For a long time now, motorcycling has been viewed as a ‘male sport’. In the past women were ridiculed for owning motorcycles but things have slowly changed. The barrier breakdown may be attributed to women’s declining financial dependency on men; others have pinned it to a new generation of women who were always taught to pursue a career or personal interests. As a result, more women have taken to motorcycling and are doing quite well in the sport.
Three years ago, Debra Teplitz, 44, decided to silence the voice in her head that said, “Nice Jewish girls from the North Shore of Chicago do not ride motorcycles.” Like so many women who are learning to ride, she confronted personal challenges, societal stereotypes and cultural expectations to embrace the freedom and independence of motorcycling. For many female riders, mastering a motorcycle has served as a catalyst for other long-awaited life changes.
Motorcycling is associated with freedom and most women enjoy the adrenaline rush when in control of such a machine. Jane Michael Ekanem, a motorcyclist from Nigeria says that her best motorcycling achievement was sneaking out her bike out to ride alone for the first time. Among her great rides include one on 3rd Mainland Bridge, a popular bridge in Lagos, Nigeria. Like many other female motorcyclists, Jane says that she mainly rides for fun and leisure thus doesn’t participate at a competitive level.
Tayiani Sempele is a Kenyan motorcyclist who attributes her venture into riding to adventure and desire to travel and see new places. She has done several long distance trips, all within Kenya though she admits that she’s looking forward to travelling abroad on her bike. Like Jane, Tayiani is not into racing at all but enjoys the whole experience of independence, freedom and fun associated with motorcycling. When asked about what she could change in the world of motorcycling, she affirmed that she would change people’s perspective of bikers for they are not outlaws but simple people with careers, families and a thirst for adventure.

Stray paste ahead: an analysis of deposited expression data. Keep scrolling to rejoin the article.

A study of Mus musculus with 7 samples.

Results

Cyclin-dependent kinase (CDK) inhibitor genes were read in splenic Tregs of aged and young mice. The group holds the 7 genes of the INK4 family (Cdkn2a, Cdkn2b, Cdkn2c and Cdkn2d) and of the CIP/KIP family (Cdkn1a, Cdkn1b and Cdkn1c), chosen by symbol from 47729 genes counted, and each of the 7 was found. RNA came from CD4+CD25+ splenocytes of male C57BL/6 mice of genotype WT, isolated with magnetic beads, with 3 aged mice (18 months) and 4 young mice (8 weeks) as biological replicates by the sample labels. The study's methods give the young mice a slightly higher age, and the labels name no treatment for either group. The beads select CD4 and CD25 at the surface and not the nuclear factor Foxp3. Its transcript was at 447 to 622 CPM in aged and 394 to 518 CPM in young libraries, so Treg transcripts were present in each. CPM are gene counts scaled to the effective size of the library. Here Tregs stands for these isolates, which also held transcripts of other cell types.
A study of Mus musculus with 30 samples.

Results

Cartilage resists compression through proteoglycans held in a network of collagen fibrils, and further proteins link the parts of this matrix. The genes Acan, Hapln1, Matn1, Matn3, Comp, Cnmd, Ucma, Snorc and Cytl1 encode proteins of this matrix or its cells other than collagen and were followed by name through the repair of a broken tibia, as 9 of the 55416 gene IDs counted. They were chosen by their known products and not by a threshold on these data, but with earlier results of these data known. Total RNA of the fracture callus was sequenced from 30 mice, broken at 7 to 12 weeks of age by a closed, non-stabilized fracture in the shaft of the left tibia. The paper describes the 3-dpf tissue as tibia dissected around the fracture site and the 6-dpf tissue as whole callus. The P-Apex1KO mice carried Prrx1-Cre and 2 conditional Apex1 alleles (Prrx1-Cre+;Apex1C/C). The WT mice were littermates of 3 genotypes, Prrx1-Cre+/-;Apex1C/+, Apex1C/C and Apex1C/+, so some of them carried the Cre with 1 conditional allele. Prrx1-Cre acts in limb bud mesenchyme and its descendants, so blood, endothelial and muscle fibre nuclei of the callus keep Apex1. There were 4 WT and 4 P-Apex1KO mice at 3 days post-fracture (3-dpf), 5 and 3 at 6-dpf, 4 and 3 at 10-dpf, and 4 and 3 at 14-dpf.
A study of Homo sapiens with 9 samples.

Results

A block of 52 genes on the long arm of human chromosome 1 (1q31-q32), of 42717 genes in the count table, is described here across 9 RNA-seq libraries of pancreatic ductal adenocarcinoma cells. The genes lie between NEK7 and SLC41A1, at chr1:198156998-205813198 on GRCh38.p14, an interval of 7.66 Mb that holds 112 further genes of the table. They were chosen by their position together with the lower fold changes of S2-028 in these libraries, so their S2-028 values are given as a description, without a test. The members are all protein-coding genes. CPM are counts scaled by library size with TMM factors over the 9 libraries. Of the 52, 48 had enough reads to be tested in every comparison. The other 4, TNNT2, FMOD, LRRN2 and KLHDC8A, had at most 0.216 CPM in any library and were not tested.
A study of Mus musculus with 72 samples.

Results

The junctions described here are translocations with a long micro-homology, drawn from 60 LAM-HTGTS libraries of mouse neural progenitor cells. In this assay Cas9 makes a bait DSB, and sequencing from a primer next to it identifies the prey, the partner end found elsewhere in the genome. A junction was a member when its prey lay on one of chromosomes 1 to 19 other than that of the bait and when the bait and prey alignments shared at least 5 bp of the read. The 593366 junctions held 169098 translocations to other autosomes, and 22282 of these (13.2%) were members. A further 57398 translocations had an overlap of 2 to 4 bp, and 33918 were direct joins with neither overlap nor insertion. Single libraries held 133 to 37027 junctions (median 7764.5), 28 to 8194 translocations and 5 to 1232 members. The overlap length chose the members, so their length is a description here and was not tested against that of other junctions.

Motorcycling is also a wonderful platform to conquer fears. Three years ago, 46-year-old Christine Watson learned to ride when her husband decided he wanted to ride solo again. It was learn to ride or see him less. The fear was almost paralyzing but she overcame it. She says that riding has been the driving force behind her life changes and she now knows she can do anything she sets her mind to do.
Her excitement and drive hasn’t gone unnoticed. Christine’s 20-year-old daughter thinks her mum is cool to try new things and conquer fears and says it is important for people to know they can do anything no matter their age.
While riding is often about independence, riders appreciate the community aspect. “With women’s affinity toward connection, it is only natural that riders want to connect with each other,” says Genevieve Schmitt, founder and editor of Women Riders Now, the longest-running and most comprehensive resource for female motorcyclists. As a result, there are hundreds of riding clubs across the U.S. and Canada that provide an outlet for women to meet up on a regular basis and share their passion for motorcycling.
Africa is a great destination for motorcyclists due to its beautiful landscape and friendly communities that are always willing to accommodate riders during tough weather conditions. Kenya for instance has a lot to offer in this regard and destinations like Fourteen falls in Thika and Suswa offer spectacular scenery. The stop-overs will also allow the riders to enjoy some of the local delicacies like nyama choma (grilled meat) and ugali– a meal made from maize flour that goes well with almost everything. If you are lady who enjoys freedom, adventure and a little adrenaline rush, then motorcycling is the sport for you. Get your riding gear and let us enjoy speed!